When Elvis Aaron Presley was born on January 8, 1935, he arrived into a house marred by tragedy – and the extremely recent kind, as his twin brother, Jesse Garon Presley, was stillborn just thirty-five minutes before the King of Rock and Roll made his first grand entrance.
What Dustin Marcellino’s vague and weird “The Identical” (vaguely, and definitely weirdly) presumes is, what if that didn’t really happen? The film is not a true Elvis biopic – no one in the film is named “Presley,” for starters – but “The Identical” so completely and so perversely pulls from the King’s own narrative that it’s impossible to see it as anything other than a cheap-shot biographical send-up of one of the world’s most famous entertainers.
“The Identical” stars Blake Rayne (aka Ryan Pelton) as both Drexel “The Dream” Hemsley and his separated-at-birth twin brother Ryan Wade. If you’re not familiar with Rayne/Pelton, the performer first made his bones as an Elvis impersonator – and apparently a very good one, because he looks exactly like the King. The path of Drexel mirrors that of the King to a hip-shaking tee: an “only” child who grew up close to his parents, Drexel’s talents turned him into an overnight sensation, the kind of star who dominated both stage and screen.
Yet, “The Identical” is more concerned with his brother, a preacher’s kid whose burning desire to sing and dance is only fueled (and, eventually, entirely at the mercy of) the big superstar who just so happens to look exactly like him. And sound exactly like him. And move exactly like him. (No, most of the people in “The Identical” aren’t very smart nor are they very perceptive.)
The early portion of the film is dedicated to exploring the impoverished days of the just-married Hemsleys (Brian Geraghty and Amanda Crew, who are both vastly overqualified for their respective roles), stuck deep in the Depression without much in the way of financial hope (we know it’s the Depression, because the film’s overbearing narrator hammers the point home repeatedly and because the early sections of the film are all rendered in muddy black and white). When Helen Hemsley gives birth to not one, but two baby boys, the added burden threatens to sink their fragile stability.
Papa Hemsley needs something – God, or a sign, or break, but just something – and he appears to find it when he stumbles into a revival meeting led by kindly (if overemotional) preacher Reece Wade (Ray Liotta, deeply miscast) and his barren wife Louise (Ashley Judd, who remains luminous throughout the ensuing madness). The Wades desperately want a kid, and the Hemsleys have a spare, so why not?
The logic of “The Identical” approaches “Saturday Night Live” levels of absurdity, and fans of the sketch comedy’s nineties-era “Bad Idea Jeans” fake commercials will find an unexpected new entry in the feature film.
The Hemsleys believe that they are putting baby Dexter Ryan into the very hands of the Lord – the Wades are really just a surrogate – and eagerly offer him up for a chance at a better life. The Wades take baby Dexter (who they begin calling by his middle name) and get the heck out of town, bent on starting a new life where nobody knows they’ve got a baby that isn’t theirs – least of all little Ryan himself.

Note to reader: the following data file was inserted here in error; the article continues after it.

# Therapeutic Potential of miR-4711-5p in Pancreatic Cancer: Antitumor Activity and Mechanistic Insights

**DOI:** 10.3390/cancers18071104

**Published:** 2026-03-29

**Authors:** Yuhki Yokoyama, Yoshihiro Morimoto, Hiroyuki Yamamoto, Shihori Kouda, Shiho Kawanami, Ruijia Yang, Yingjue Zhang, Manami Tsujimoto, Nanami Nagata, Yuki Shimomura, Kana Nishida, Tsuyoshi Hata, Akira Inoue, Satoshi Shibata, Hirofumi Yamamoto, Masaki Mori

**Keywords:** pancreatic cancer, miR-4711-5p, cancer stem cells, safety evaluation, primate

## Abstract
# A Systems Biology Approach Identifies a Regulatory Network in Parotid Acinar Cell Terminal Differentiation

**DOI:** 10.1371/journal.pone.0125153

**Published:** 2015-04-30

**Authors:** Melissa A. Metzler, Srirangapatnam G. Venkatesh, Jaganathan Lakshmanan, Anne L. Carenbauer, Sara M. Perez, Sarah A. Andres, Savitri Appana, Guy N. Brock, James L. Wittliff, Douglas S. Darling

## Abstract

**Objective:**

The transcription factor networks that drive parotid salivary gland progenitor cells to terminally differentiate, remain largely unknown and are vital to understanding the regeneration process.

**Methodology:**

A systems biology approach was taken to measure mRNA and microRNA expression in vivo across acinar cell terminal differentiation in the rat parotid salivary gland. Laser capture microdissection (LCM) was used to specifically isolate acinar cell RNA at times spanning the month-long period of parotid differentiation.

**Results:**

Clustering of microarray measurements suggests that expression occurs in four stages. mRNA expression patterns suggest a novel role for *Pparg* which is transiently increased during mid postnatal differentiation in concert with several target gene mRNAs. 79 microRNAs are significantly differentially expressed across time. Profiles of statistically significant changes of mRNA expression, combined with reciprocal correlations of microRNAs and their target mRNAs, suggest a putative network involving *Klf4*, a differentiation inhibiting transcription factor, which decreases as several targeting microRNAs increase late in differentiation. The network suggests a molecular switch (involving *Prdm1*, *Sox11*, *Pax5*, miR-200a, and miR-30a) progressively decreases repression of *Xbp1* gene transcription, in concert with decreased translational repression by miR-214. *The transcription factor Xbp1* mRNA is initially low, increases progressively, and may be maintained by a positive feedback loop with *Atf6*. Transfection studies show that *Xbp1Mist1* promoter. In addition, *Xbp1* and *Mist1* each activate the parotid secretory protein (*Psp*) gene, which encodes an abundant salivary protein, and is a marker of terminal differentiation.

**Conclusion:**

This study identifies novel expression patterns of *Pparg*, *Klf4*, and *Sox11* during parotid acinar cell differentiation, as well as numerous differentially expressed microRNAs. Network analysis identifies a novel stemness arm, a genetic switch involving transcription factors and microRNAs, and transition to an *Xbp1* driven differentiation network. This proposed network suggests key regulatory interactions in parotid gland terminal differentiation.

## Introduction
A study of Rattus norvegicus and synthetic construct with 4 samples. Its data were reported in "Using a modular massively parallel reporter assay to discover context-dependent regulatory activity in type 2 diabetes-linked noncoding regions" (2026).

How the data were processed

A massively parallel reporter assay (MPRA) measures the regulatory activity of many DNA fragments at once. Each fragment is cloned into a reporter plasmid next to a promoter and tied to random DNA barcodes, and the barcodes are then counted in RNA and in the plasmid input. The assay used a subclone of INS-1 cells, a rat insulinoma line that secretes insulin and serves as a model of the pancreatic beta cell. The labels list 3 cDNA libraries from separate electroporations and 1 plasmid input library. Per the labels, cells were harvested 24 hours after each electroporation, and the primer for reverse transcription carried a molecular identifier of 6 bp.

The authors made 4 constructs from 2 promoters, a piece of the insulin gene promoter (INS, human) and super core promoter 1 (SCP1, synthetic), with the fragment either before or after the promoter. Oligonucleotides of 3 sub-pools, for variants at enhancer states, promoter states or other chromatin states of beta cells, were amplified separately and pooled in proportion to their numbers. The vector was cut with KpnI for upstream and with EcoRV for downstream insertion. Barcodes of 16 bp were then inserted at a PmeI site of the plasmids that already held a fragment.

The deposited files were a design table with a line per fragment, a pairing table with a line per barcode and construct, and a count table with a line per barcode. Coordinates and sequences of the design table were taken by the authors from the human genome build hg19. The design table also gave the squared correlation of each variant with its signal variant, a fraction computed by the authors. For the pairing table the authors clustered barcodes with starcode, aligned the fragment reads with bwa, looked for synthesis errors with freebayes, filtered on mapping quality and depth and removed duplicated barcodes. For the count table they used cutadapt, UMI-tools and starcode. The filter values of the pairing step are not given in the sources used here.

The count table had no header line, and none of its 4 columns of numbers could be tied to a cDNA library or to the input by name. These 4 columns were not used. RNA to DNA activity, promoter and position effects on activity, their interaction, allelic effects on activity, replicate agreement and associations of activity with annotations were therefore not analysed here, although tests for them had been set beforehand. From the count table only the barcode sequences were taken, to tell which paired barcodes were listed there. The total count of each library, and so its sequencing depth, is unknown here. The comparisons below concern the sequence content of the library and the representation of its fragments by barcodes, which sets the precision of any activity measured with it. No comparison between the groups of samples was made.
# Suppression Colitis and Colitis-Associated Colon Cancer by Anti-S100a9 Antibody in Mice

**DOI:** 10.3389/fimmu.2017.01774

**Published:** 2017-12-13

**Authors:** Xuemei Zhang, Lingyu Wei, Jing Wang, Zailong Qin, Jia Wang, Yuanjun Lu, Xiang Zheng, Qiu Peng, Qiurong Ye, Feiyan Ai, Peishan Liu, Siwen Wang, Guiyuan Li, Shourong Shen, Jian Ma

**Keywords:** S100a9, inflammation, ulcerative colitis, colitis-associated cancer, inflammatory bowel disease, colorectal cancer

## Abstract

As Ryan grows, his affection and talent for singing, dancing, and just generally entertaining people becomes more and more obvious, boggling his shy mother and baffling his dad, who wants nothing more than for his son to follow in his God-loving footsteps. The film is principally focused on Ryan’s own struggles to reveal the truth of his desires to his parents, who seem weirdly unconcerned with telling their own child the most important truth of all.
The Wades – despite being people of God, despite the film being sold as a faith-based tale – never seem to wrestle with the weight of their secret. Even when Drexel begins to emerge as an omnipresent superstar, both Reece and Louise treat it as a mild annoyance, rather than a full-scale disaster. Perhaps their lack of concern isn’t as bizarre as it sounds on the surface, because the very sweet and very stupid Ryan never exhibits even a fleeting moment of wondering if there may be some kind of connection between himself and the famous guy who looks just like him.
Rayne is certainly a solid stage performer, and even though the film’s original songs are deeply lacking and sound like the bad Elvis knock-offs they are, he manages to sell the performance elements of both Drexel and Ryan. His acting chops aren’t nearly as believable, but he’s given precious little to work with here, and weak scripting from Howard Klausner (“Space Cowboys”) and poor direction from newbie helmer Marcellino don’t help matters. The music-heavy second half doesn’t zip with much pizzazz, and even the film’s many dips into song-and-dance fail to keep it moving along with anything resembling style. By its third act, things have flatlined.
As Ryan tries to carve out a normal life for himself, Drexel’s star just keeps rising. Eventually, the truth of the film’s title is revealed – Ryan, bent on performing in any manner possible, hits the circuit as a Drexel impersonator, one affectionately dubbed “The Identical.” This embarrassing and weird turn is never played for pity, but that doesn’t lend the film an air of optimism or joy – it just makes everyone look deeply uninformed.
There’s little momentum in the narrative, and little sense that anything will ever come to a head – for better or worse – and the film is instead a horror show of indignities heaped on Ryan, a character so well-intentioned and blissfully ignorant that audience members will want to hug him, even as they also want to laugh at him. If “The Identical” is about revisionist history, its overall message is “maybe don’t do this.”